What does restoration really mean? It means to “bring back something to a former or original state.” It is many times used in the Bible to mean being brought back to life either physically or spiritually.
I would not have known the real meaning of restore at the beginning of this year. To be restored, I had to face my own mortality. I’ve faced it many times. Now that I’m through my recent abdominal surgery, I can talk about it more. There is just something that happens inside you when a surgeon says, “This is what we want to do, but to tell you the truth, we’ve never seen this before and we don’t know what we’ll find when we get in there.”
My restoration will take a while. Healing from the inside out can’t be rushed and is a necessary part of recovery. One big part of restoration for me has been rest. If you know me, you know I don’t like to rest. It feels very unproductive.
Yet when I go in every other day to get my dressing changed and the nurse tells me how much I’ve healed, I realize it has all been due to me being able to rest enough to give my body time to do that.
That’s the physical restoration, but there is also a spiritual restoration that takes place when we rest in God and trust Him to take care of us and He always does. The other day God brought a line from a Keith Green song to my mind. “Restore unto me the joy of thy salvation.” The words are from Psalm 51:12 KJV and the song I was remembering was “Create In Me A Clean Heart. “ I wondered just what David, the writer of the Psalm meant when he penned those words?
David wrote this Psalm after the prophet Nathan pointed out his sins of adultery and murder. David, the man after God’s own heart, had been trying to “fix” the wrong he had done. He hadn’t faced his sin. If you think about it this was at least nine months after his sins. The baby he had illegitimately conceived with Bathsheba had been born and then, died. During all this time, David wrote no Psalms.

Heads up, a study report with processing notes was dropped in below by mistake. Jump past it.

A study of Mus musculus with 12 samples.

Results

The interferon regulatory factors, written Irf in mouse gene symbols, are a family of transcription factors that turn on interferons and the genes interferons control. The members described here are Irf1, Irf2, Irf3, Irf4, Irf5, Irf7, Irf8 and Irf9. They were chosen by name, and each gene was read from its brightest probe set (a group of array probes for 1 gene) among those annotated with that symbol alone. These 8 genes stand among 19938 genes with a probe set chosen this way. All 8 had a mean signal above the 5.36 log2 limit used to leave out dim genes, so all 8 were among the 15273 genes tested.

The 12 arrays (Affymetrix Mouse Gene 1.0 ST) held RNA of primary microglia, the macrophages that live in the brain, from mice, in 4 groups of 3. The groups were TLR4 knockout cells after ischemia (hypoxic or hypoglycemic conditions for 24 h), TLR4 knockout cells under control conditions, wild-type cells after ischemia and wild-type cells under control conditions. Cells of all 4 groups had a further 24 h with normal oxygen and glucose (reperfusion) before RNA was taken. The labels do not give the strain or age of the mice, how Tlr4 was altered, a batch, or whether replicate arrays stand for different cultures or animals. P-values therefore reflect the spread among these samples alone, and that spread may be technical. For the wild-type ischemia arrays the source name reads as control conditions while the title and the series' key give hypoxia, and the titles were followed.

Writing the Psalms was David’s way of talking with God. He was running from God, not physically, but spiritually. He felt far away from God. I’m not sure if he felt like he was above God’s rules and laws and because he was king he could do what he wanted or if he really felt that God’s salvation had been taken from him.
But after Nathan helped him see his sin, He confessed, repented and asked God to create in him a clean heart and renew a right spirit within him. He cries out to God and entreats Him to not throw him away from God’s presence and not to remove the Holy Spirit’s anointing and presence from him. Then he asks God to restore to him the joy of God’s salvation.
He is recognizing that God and God alone is the giver of salvation. He realizes he is far away from God, but God had been there all the time. He was simply waiting for David to come back to Him. David recognized the distance and with the distance went His joy. He longed to be close to God again, to feel the joy that comes from listening to the Lord and following Him. He needed that again. He realized He couldn’t remain being a king without that close relationship with God.
As I began to understand what restoration meant to David, I saw a parallel in my own life. David at least spent a year not repenting of his sin. However, I spent a whole lot more time than that before I really repented before God. I had fallen into a trap I think a lot of us fall into where we don’t think of eating that extra piece of cake or that little bite of this dessert or an extra helping of mashed potatoes as a sin.
We’ve been doing it for so long we don’t see it as a big deal. We aren’t a dirty, rotten sinner like David who was an adulterer and murderer. Or are we? Do we really believe that no sin is greater than any other sin? Or are these little sins that morph into much bigger strongholds the longer we do them ok?
We have to understand that the devil is smart! He knows all he has to do is grab us in one area and wheedle his way in until he has made a comfortable cozy nest in our lives, which he then expands to take over everything about us. When he has successfully set up his stronghold in us, he sits back and watches us squirm.
We don’t like what we’ve done to ourselves, but we can’t seem to get out of the pit we have dug for ourselves.
God has good plans for us. He wants us to be healthy in order to fulfill those plans. He is ready to restore the joy of our salvation to us. He wants us to understand that we are His sons and daughters, whom He loves. That means He wants the best for us. Not all the goodies we can eat, but all the spiritual blessings He wants to reign down on us.
Remember when you first accepted Jesus as savior? Remember the joy you had? Where has that joy gone? What would it be like to have the joy of your salvation restored? What has covered up that joy? What might you have to do to uncover and rediscover that joy?
Are there areas where you are disregarding God’s voice because you think that little areas of disobedience like what we put in our mouths doesn’t matter?